Aristotle. Nietzsche. Buffy?
The blond heroine of the campy TV series “Buffy the Vampire Slayer,” as well as other works by creator Joss Whedon, will be the focus of a three-day academic conference that began Friday at Henderson State University. The show, starring Sarah Michelle Gellar, won cult fame and critical praise during its seven seasons.
Since it ended, the series has spawned enough academic books on the philosophy surrounding the roles of friendship and feminism to fill a 15-foot-wide bookshelf at the college in Arkadelphia, said Kevin Durand, an associate professor of philosophy.
“It has staying power,” Durand said. “It's like I tell my students in philosophy a lot of times: We're not so much about necessarily finding all the answers as wanting to ask better questions. ‘Buffy,' I think, does that. ‘Buffy' never really leaves you with nice, pat answers. You have even more questions than when you started.”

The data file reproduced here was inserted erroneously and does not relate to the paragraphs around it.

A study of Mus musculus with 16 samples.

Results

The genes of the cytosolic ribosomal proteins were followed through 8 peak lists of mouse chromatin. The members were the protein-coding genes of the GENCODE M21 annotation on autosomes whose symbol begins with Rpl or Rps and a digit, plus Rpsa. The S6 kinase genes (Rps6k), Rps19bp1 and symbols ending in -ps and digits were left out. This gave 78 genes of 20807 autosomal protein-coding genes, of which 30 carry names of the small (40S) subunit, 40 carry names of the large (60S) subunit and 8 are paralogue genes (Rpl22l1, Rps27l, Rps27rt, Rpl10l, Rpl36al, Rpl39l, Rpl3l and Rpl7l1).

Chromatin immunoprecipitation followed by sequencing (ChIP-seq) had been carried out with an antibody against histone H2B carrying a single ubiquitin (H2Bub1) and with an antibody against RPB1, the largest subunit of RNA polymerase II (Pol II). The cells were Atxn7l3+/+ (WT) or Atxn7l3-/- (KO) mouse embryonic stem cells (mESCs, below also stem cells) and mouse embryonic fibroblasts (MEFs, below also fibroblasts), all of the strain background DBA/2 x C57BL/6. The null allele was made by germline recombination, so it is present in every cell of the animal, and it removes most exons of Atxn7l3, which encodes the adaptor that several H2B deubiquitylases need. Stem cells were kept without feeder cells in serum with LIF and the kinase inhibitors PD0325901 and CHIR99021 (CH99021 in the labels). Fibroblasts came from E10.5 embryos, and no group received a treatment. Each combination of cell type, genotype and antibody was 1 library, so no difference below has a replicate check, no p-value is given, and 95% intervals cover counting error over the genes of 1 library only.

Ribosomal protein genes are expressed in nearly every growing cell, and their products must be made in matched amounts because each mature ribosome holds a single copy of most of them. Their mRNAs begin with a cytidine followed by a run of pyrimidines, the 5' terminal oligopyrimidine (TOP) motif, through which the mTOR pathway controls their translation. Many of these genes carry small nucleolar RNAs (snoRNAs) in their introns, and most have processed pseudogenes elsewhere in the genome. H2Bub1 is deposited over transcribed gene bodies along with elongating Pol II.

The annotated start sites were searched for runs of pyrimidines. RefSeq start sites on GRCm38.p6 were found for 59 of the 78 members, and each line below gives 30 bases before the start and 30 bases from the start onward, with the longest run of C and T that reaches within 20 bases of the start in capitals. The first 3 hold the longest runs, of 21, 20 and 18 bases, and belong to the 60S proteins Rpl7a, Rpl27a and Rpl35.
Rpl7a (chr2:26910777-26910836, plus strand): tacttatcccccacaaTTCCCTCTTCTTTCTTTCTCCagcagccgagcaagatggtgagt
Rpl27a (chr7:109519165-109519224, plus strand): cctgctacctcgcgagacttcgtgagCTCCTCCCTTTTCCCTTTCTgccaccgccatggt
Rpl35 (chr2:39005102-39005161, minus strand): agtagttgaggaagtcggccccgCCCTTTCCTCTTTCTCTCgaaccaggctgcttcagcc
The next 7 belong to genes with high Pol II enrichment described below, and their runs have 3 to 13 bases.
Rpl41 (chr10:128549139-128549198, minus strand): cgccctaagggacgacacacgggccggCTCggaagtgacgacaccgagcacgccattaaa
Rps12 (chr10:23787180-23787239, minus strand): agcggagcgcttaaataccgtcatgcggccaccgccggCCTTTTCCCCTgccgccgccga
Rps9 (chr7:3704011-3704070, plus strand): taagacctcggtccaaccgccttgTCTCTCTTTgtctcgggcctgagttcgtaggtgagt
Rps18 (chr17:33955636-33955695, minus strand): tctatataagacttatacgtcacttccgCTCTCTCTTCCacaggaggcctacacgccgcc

Never miss a local story.
Durand said more than 90 academic papers will be discussed at the conference. He expects about 150 people to attend and discuss the vampire slayer and Whedon's other works, including the series “Firefly” and “Angel.” Another point of discussion will be a lesser-known part of Whedon's work – his screenplay for the hit animated film “Toy Story.”
Among the papers: “Buffy and Feminism,” “Buffy and Identity,” “Gender Stereotypes and the Image of Domesticity in ‘Firefly,'” “‘Firefly:' The Illusive Safety of Big Damn Heroes” and a Durand favorite by a British scholar, “Hero's Journey, Heroine's Return: Buffy, Eurydice and the Orpheus Myth.”
“That one just sounds cool,” he said.